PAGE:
HTC Frequencies; discovering the other 90% of the iceberg

HTC held an event last week to hold open and honest conversations with mobile enthusiasts from around the world. The discussions were engaging and extremely educational.

Earlier this month HTC posted their Q1 2012 earnings and the 70 percent fall in profits was a bit of a shock. The good news is that their HTC One Series is launching soon and indications are that it should significantly help as they move through this time of product transition. Last week, I took a couple of days off work to attend the inaugural invite-only HTC Frequencies press event in Seattle and I have to say I came away with a MUCH deeper understanding of HTC and some of their more recent strategies and design philosophies. As they say, only 10% of the iceberg is viewable and that is what consumers and mainstream media see. However, the other 90% of what goes on at HTC is what makes the company and I came away a much smarter person with knowledge that will help me write better articles. I have always liked and purchased HTC devices and now that I know more of the back story I have even more respect for the company and its employees.

Much of what we talked about was off the record and the level of trust between HTC and the 25 or so mobile bloggers and press representatives from around the world was impressive. I was extremely pleased with the candid conversations with HTC folks, including Jason Mackenzie, President of Global Sales and Marketing, Claude Zeilweger, Principal of One & Co, Bjorn Kilburn, VP of Portfolio Strategy, and Eric Lin, Manager of Product Strategy.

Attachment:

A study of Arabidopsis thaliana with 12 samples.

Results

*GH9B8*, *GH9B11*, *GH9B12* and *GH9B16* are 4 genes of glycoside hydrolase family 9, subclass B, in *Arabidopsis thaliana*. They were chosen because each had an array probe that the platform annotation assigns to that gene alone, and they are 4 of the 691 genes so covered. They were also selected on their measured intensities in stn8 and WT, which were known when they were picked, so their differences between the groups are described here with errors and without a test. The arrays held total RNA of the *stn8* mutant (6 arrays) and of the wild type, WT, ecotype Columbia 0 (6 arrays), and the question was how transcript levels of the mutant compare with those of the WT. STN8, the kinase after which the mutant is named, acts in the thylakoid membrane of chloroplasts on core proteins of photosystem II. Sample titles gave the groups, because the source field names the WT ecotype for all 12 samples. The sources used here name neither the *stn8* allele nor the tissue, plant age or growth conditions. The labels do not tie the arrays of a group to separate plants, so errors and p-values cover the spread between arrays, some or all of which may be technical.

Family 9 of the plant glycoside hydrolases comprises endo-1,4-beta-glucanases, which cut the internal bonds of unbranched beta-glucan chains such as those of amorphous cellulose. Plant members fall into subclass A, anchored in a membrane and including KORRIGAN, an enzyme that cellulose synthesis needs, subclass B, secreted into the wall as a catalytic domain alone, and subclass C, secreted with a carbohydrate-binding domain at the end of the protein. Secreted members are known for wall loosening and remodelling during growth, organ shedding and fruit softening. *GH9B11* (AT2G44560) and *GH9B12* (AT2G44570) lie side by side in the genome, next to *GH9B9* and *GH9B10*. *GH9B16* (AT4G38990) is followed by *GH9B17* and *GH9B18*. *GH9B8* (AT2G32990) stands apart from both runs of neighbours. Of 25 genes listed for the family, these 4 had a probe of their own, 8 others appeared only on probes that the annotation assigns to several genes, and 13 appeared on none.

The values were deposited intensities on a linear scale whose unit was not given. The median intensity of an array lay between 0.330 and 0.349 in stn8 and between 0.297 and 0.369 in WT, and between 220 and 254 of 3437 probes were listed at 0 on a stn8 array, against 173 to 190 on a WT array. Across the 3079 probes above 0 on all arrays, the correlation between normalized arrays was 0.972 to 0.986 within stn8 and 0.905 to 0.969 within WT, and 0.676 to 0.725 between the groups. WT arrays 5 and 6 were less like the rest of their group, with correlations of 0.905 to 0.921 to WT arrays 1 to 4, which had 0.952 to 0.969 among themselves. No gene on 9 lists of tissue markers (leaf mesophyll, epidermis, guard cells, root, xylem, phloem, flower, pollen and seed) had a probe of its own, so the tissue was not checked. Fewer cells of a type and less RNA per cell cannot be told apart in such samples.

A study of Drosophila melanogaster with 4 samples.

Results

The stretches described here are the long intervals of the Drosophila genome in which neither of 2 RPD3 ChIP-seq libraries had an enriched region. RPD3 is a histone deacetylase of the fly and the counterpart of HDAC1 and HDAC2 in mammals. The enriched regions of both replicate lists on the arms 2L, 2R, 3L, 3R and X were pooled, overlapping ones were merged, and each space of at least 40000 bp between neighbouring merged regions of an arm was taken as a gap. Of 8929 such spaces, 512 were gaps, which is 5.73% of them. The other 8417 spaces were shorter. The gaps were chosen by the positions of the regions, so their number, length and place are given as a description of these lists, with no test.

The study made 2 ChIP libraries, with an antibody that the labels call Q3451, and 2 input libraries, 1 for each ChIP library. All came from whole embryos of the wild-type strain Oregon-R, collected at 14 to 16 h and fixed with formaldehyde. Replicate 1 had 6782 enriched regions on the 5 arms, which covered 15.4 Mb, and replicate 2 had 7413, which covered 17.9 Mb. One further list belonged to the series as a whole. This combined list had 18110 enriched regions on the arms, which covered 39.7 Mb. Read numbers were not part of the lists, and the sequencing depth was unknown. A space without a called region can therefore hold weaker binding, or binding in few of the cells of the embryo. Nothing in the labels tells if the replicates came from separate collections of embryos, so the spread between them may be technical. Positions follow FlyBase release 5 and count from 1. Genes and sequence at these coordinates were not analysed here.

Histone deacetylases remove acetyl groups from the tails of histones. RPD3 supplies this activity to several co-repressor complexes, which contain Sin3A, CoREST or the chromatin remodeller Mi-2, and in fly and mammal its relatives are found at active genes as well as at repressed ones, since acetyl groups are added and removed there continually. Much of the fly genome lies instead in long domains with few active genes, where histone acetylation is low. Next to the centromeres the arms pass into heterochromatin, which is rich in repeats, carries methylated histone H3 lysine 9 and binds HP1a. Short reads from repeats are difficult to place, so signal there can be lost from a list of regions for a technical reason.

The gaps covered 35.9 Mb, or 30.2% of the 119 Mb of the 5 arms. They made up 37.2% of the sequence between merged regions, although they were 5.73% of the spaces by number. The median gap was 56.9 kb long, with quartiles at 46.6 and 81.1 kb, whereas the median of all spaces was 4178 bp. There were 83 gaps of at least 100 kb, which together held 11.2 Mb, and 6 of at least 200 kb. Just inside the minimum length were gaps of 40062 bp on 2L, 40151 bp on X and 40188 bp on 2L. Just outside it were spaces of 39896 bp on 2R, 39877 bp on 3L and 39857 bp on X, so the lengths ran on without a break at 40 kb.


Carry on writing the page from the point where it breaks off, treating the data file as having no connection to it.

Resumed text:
I now have a better understanding of the Beats Audio deal, HTC Sense 4.0, amazing work that went into the latest One Series camera, extreme attention to detail in smartphone design, and even a walk through of an HTC smartphone from an idea into a shipping product. There were no discussions on Windows Phone or Android tablets and I expect that the Windows Phone Apollo conversations are being held back until a future Frequencies event.

There are a few articles online from some of the other attendees and I recommend you read the following articles if you want to know a bit more about some of the public conversations:

In the interest of full disclosure, I took two full days of PTO from my professional engineering day job to attend the event and paid my own hotel costs so that no travel or lodging costs were paid by HTC (I live about 45 miles south of Seattle). I did enjoy meals with the other folks and HTC did hand out a set of Beats MIXR headphones so we could test Beats Audio with the international One series of devices along with an early version of the HTC Media Link HD (review coming soon) and a messenger bag.